Suppose another civil war broke out in France some day, well, Jean Becker might start it! Indeed because of him the country is now divided into two fratricidal sides: the spectators and the critics! As for the spectators, they flock to Jacques Becker's son's films and invariably love all he has done from "les Enfants du Marais" (1998). I personally -just like everybody else except the critics - have been amused and touched by the aforementioned movie as well as "Un crime au Paradis", "Effroyables Jardins" and his latest opus "Dialogue avec mon Jardinier". Simple but not simplistic, moving without being overly sentimental, humane but not populist, Jean Becker's last picture talks directly to the heart .On the other side you have the critics. This happy few are beside themselves with a man who dares show ordinary unaffected characters rather than Paris intellectuals between themselves, who tries to make our daily lives better rather than denigrate all the values not deemed valid by their highbrow circle. But let the civil war start: we spectators outnumber the critics by far. They are bound to be defeated!
As is always the case with Becker's recent movies, the story is very simple, not depending on plot twists or dramatic ups and downs to exist. However if you read the eponymous book (by Henri Cueco) which inspired the film, you will realize that the adaptation work (by talented Jean Cosmos) was no pleasure cruise. The title of Cueco's book ("Dialogue avec mon Jardinier") is telling in this respect: It has no storyline to speak of. It all amounts to a conversation between a Paris artist and his local gardener at the former's family house. Even more difficult, in the text, consisting mainly in the gardener's replies, there is no such thing as a real dialogue. You actually get to know the artist through the gardener's answers. How anti cinematographic! A carbon copy was impossible and Cosmos set about bringing on a few changes. Of course, he fleshed out the painter's character, modified a few facts (the artist is on the verge of divorce, he has a daughter about to marry, the circle of artists he used to mix with is described and satirize - hence the critics' reaction! - ; the gardener has become the artist's childhood friend, he does not a have a young daughter ) and created a subplot (concerning mostly the relationships between the artist, his separated wife and his young adult daughter). This way, although there is not much action other than an evolution in the characters' minds and feelings, "Dialogue avec mon Jardinier" functions as a true film, with a beginning, a middle and an end. But what is the most remarkable is that the dialogue of the book is transposed in full, with only a few minor additions or deletions. Such wonderful work allows Becker's last movie to attract the viewer while remaining faithful to the spirit of Cueco's original work: a sophisticated artist learns the basics of life while a John Doe is introduced to a world that totally escaped him before and enrich their minds mutually as a result.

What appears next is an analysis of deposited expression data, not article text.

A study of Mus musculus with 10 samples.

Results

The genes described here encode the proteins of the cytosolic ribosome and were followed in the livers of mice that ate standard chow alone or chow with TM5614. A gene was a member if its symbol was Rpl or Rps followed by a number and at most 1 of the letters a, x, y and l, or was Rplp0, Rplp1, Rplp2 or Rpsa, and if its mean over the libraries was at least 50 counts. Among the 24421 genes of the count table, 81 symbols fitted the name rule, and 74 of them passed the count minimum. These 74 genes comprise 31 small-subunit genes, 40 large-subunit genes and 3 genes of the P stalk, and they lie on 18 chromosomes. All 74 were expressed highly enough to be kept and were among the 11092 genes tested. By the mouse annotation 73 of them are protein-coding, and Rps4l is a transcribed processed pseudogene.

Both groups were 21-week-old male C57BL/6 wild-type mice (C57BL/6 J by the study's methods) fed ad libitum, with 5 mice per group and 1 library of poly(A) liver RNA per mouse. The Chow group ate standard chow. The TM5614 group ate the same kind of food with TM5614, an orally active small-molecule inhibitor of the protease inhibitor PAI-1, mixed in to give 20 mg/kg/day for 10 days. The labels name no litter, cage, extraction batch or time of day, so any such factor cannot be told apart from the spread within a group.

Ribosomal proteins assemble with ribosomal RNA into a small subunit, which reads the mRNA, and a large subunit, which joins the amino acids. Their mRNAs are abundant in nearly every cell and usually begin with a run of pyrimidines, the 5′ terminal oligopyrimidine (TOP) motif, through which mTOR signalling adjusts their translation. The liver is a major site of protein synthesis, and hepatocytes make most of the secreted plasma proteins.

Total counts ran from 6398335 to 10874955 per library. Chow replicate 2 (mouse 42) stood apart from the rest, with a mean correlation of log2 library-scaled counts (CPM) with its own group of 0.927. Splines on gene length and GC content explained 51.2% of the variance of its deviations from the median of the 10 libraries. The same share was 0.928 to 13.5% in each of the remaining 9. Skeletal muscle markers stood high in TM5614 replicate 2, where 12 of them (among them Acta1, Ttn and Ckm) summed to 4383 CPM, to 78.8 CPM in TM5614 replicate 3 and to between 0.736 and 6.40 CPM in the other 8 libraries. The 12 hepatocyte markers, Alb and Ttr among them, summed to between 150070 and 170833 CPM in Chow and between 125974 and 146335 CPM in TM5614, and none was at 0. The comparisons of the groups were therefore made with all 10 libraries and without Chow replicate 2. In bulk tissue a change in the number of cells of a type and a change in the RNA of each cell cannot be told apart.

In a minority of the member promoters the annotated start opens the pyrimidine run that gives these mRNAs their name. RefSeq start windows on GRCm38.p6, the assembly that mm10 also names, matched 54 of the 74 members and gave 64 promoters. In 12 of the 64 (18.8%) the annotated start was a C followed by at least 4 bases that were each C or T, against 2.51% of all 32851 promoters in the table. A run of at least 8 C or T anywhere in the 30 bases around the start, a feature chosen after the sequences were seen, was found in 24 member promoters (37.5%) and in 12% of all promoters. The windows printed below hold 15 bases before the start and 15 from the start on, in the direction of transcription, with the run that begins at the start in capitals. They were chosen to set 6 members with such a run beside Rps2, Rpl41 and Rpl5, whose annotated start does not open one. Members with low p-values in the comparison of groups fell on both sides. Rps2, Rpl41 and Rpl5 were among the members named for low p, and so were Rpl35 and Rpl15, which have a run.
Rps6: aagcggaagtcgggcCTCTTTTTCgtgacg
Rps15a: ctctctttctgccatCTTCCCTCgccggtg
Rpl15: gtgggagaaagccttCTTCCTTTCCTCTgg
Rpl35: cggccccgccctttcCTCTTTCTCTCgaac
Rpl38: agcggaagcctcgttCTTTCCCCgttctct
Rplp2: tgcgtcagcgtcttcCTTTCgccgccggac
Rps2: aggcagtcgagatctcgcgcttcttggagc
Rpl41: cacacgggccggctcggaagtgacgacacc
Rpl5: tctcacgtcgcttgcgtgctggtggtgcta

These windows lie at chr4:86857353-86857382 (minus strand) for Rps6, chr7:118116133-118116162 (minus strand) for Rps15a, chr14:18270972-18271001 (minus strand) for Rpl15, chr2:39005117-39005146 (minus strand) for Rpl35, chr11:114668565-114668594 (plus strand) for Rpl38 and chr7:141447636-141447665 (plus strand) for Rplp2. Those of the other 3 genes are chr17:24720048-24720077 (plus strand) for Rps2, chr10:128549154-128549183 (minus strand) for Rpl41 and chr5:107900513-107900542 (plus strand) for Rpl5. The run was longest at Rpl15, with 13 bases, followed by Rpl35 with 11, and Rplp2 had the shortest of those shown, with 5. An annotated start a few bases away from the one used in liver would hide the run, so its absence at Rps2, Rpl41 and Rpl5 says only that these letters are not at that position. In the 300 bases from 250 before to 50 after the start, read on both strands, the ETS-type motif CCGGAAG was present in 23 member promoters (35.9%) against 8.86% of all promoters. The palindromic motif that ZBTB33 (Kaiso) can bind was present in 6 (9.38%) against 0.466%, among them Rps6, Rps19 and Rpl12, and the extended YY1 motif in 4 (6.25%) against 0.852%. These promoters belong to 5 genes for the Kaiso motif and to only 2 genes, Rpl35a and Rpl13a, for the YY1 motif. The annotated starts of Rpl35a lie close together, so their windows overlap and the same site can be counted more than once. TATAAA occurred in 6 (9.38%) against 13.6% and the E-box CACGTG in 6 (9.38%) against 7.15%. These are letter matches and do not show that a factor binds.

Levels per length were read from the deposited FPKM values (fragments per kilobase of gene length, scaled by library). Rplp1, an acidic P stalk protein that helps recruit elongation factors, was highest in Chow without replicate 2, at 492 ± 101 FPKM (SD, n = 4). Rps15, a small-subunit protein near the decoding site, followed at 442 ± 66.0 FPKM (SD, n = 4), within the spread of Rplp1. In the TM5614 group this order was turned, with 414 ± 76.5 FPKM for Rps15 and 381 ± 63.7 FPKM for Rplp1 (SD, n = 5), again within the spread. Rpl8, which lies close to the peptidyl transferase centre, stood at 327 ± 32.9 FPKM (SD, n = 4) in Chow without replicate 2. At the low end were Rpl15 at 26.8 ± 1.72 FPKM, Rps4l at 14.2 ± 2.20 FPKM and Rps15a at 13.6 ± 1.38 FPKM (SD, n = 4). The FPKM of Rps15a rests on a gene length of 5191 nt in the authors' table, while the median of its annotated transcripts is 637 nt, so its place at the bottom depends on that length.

The text is served by two outstanding actors, Daniel Auteuil (as subtle and humane as he can be) and Jean-Pierre Darroussin (absolutely amazing as the down-to-earth but not common gardener).
When you leave the theater you feel peaceful and happy despite the heart-breaking ending. It is the (French) critics' loss if they make all the efforts in the world to dislike such a beautiful film.